Eight teams of two women each competed in the inaugural T.O.H. Karl Forensics Forum’s women’s round robin this Friday, March 11, 2016.
The goal of this round robin debate was for these women to develop and nurture relationships. According to senior debate team member Angie Tinker, the debate community has been historically male dominated, which impedes mentorship opportunities for female debaters. A round robin-style debate is a debate in which everyone debates each other, and whoever has the highest score at the end wins.
“The women’s round robin was designed to foster mentoring relationships between women in debate,” Assistant Debate Coach Melanie Nadon said, who organized the women’s round robin. “We want debate to become more inclusive and open-minded so that all individuals can experience the amazing benefits that competitive debate has to offer.”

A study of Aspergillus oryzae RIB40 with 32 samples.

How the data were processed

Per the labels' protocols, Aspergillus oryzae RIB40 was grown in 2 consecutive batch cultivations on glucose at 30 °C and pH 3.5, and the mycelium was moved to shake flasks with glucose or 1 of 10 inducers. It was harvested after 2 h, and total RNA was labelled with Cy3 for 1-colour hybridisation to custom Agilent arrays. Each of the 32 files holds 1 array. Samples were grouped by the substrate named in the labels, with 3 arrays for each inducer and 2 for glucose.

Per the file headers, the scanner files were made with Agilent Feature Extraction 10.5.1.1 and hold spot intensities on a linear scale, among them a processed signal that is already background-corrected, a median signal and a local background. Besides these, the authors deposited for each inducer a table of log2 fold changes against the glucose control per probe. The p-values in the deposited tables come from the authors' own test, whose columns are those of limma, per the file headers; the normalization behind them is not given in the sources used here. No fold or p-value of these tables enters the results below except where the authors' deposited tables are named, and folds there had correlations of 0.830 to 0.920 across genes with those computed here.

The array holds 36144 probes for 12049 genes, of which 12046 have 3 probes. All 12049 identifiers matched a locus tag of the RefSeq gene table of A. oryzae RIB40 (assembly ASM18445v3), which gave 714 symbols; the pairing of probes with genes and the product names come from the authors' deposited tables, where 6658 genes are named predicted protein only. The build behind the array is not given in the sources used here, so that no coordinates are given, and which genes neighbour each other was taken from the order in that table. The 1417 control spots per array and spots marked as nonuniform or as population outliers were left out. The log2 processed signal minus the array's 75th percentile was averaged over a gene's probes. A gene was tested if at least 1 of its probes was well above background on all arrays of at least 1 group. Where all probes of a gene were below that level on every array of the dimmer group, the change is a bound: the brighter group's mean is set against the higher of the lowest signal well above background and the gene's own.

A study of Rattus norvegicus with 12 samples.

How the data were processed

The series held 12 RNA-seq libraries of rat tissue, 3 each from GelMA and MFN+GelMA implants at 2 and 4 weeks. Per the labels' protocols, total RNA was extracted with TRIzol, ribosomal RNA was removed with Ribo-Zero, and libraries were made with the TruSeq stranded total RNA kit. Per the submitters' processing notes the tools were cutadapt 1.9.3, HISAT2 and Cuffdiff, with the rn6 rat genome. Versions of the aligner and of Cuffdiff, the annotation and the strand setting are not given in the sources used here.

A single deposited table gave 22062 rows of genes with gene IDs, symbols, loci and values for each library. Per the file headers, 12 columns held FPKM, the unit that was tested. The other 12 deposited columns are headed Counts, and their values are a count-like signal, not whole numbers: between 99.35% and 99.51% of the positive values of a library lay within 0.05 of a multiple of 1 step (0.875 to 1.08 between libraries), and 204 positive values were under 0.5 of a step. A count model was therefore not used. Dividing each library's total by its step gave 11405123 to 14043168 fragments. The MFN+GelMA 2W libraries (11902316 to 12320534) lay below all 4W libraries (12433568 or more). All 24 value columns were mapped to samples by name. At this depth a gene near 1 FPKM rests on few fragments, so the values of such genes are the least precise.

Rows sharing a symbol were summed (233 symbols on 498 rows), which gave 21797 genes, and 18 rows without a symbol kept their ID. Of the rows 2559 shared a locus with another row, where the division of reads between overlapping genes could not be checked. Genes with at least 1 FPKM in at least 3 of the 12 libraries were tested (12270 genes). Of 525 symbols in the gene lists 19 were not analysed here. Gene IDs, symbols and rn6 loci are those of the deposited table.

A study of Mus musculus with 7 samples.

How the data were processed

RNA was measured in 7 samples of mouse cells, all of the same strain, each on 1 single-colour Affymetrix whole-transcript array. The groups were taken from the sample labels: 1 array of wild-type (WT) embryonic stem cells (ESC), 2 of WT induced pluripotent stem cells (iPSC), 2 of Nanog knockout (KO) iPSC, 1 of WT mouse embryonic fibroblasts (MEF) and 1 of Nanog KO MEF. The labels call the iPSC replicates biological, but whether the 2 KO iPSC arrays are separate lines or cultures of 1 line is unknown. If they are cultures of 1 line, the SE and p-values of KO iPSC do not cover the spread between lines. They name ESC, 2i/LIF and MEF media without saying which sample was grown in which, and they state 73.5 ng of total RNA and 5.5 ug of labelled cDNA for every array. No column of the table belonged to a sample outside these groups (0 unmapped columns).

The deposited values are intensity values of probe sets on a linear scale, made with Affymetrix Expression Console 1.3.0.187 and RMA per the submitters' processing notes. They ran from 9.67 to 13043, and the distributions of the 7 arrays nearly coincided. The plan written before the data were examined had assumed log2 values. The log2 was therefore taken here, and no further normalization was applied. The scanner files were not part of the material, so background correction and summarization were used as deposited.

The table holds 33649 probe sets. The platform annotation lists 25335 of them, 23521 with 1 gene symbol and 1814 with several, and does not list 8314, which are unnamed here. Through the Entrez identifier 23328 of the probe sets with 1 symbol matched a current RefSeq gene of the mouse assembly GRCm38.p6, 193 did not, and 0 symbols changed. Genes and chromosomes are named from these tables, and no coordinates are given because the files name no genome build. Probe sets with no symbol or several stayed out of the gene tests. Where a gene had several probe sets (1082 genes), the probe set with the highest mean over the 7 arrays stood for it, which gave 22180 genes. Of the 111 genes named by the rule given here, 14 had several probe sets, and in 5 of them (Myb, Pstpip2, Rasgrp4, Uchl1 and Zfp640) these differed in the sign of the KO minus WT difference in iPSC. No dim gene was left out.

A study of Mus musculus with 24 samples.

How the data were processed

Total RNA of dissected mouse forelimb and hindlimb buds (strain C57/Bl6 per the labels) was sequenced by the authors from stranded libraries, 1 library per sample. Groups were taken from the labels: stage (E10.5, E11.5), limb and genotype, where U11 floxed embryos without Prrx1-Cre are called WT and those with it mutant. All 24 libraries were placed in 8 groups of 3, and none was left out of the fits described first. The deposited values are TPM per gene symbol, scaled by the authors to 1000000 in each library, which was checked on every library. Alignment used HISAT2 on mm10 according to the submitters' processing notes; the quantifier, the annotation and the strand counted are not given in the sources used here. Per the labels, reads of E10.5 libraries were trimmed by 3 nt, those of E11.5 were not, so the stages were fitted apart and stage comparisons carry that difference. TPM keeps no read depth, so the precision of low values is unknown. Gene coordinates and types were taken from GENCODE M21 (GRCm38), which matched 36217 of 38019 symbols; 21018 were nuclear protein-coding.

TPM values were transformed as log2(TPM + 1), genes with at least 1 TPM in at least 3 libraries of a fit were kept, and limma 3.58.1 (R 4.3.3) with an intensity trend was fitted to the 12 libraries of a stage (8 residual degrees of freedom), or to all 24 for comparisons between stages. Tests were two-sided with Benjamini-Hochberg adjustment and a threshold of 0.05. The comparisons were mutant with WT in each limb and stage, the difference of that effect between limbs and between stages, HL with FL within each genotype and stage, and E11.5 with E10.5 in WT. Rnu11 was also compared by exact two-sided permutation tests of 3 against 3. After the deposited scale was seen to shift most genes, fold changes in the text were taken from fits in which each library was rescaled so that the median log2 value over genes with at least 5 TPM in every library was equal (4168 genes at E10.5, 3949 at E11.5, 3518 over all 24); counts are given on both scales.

Debate teaches communication skills that give individuals a leg-up in future endeavors, including the workforce and politics.
Nadon organized the round robin with the assistance of Tinker and Director of Forensics Justin Eckstein, and the director of the national debate tournament and member of the Women’s Debate Institute, Sarah Partlowe Lefvre.
“I think a women’s round robin is really important in order to encourage female participation in the debate community, and foster relationships outside of the traditionally sexist standards of most tournaments,” Aine Foran said, a debater from Seattle University who, with her partner, Alissa Neuman, won Friday’s round robin tournament.
“Debate is about talking; it’s about making connections with some of the smartest people you’ll ever meet. It’s all about finding a community, and we’re making sure that community has a place for women,” Tinker said.
Tournament trophies were purchased form Hilltop Artists, an organization that provides tuition-free glass instruction to all youth, transforming lives through art, teamwork and adult mentorship.